Dr Jenny Condie
Citizen's Assembly on Mass Transit
Updated: Sep 10, 2019
The largest investment in Let's Get Wellington Moving is mass transit. The highest profile decision we need to make on mass transit is: which vehicle technology will we use?
The contenders are bus rapid transit (BRT), autonomous BRT (sometimes called "trackless trams"), or light rail.
Bus rapid transit is cheaper, but has lower capacity. Light rail is more expensive, and has much greater capacity. Autonomous BRT may be able to provide slightly greater capacity than BRT, but not as much as light rail. It’s big advantage over BRT is needing fewer drivers. Given that Wellington is currently cancelling bus services due to a driver shortage this is obviously an important issue for our decision on mass transit. However, autonomous bus technology is new and they are still in testing in several cities around the world. (All can now be delivered using electricity, so there is no major difference on emissions.)
In Auckland, this decision was easy - they are a much larger city and clearly needed the greater capacity that light rail can provide. The provisional business case on mass transit prepared for Let’s Get Wellington Moving indicates that Wellington is near the capacity boundary between BRT and light rail. Therefore it is unlikely that a business case will deliver a clear "winner" on the best mode for mass transit in Wellington.
The decision will then boil down to a matter of value preferences (cost vs capacity). The people best placed to make decisions about their preferences and trade-offs are ratepayers themselves.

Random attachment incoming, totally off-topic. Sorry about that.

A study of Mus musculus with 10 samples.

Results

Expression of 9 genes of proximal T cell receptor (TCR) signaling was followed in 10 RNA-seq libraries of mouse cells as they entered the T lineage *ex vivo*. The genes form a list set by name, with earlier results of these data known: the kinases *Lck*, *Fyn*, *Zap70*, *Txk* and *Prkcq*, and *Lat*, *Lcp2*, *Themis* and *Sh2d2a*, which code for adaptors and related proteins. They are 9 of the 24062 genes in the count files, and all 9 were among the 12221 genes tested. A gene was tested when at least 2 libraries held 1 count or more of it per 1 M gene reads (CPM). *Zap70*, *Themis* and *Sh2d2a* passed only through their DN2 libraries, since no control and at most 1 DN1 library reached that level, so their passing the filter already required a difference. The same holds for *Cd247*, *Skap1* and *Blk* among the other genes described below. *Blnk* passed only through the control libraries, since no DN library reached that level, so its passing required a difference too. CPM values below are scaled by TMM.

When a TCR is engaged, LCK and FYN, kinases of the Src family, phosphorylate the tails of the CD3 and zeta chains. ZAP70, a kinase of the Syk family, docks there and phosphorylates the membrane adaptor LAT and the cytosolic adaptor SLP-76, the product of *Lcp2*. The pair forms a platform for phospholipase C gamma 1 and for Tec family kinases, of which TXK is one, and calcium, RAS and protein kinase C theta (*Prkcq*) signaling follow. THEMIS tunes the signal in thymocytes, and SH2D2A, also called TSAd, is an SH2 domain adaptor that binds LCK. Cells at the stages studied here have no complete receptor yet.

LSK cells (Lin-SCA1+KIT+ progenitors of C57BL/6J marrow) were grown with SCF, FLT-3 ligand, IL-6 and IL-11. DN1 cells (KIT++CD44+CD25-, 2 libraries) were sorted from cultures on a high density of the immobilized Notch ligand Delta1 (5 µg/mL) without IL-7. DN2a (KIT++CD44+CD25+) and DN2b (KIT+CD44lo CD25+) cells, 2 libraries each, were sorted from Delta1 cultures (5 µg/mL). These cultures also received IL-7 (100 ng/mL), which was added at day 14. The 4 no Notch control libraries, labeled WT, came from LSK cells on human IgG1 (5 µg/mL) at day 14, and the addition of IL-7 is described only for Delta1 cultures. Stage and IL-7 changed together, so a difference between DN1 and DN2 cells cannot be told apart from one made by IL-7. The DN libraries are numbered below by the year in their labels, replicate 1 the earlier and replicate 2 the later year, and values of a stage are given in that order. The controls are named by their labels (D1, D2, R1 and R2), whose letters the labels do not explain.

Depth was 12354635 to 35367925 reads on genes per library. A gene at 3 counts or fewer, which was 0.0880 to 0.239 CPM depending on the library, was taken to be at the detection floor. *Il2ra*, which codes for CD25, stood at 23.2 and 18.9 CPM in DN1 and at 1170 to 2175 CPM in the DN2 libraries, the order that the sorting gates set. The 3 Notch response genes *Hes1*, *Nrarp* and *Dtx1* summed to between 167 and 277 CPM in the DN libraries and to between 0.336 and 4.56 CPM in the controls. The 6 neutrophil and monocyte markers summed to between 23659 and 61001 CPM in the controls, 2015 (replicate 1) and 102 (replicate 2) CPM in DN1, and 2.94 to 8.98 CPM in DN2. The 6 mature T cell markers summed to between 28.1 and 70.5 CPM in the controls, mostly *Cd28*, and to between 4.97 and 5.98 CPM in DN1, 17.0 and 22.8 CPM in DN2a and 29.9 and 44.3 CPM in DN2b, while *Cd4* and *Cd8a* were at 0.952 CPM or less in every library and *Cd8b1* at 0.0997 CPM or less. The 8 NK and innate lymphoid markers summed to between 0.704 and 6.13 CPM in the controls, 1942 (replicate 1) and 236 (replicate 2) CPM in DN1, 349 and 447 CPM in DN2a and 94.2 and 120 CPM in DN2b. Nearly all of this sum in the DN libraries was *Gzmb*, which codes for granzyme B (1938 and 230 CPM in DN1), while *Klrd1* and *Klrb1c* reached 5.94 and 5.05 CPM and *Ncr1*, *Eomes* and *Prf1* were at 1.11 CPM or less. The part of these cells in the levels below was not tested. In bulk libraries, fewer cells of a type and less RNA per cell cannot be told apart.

People are smart. I believe the best way to choose the transit technology to take Wellington into the future is a citizen’s assembly.
What is a Citizen's Assembly?
A citizens' assembly asks a representative group of people to develop an informed opinion on a specific issue based on expert advice and evidence. Citizens' assemblies have been used in a growing number of countries and cities.
"Citizens’ assemblies give members of the public the time and opportunity to learn about and discuss a topic, before reaching conclusions. Assembly members are asked to make trade-offs and arrive at workable recommendations." from citizensassemblyni.org/faq/
There is growing evidence that this form of participatory democracy is effective:
"The balanced and structured process of deliberation results in more informed preferences. A requirement to justify opinions, for example, counteracts the bias of prior beliefs. Opinions tend to be neither polarised nor uniform, with participants developing increased respect and understanding for opposing viewpoints."
A member of the Irish citizens' assembly on abortion described her experience in an article for The Guardian:
"The atmosphere was friendly but serious – we were proud to have been given an important task. We wanted to take in all the information, help shape the debate and make solid recommendations that were representative of our views at the end of a period of deep learning about the topics."
When Melbourne held a citizens' jury on obesity they used social media to include others in the process. One of the members of the jury discusses her experience on the citizens' jury in this video.
How will a Citizens' Assembly on mass transit work?
First, there will be a detailed business case prepared on all the options. We need to make sure that analysis is thorough and of high quality. The analysis in the business case will provide the evidence base that will be presented to the members of the citizens' assembly.
City council would fund the citizens' assembly. It will be organised based on best practice from around the world. This may mean that an independent group would be given responsibility for running the assembly.
As mayor I will support the preference of the citizens' assembly. I will advocate for their choice to the joint decision makers on Let's Get Wellington Moving - Wellington City Council, Greater Wellington Regional Council, and New Zealand Transport Authority.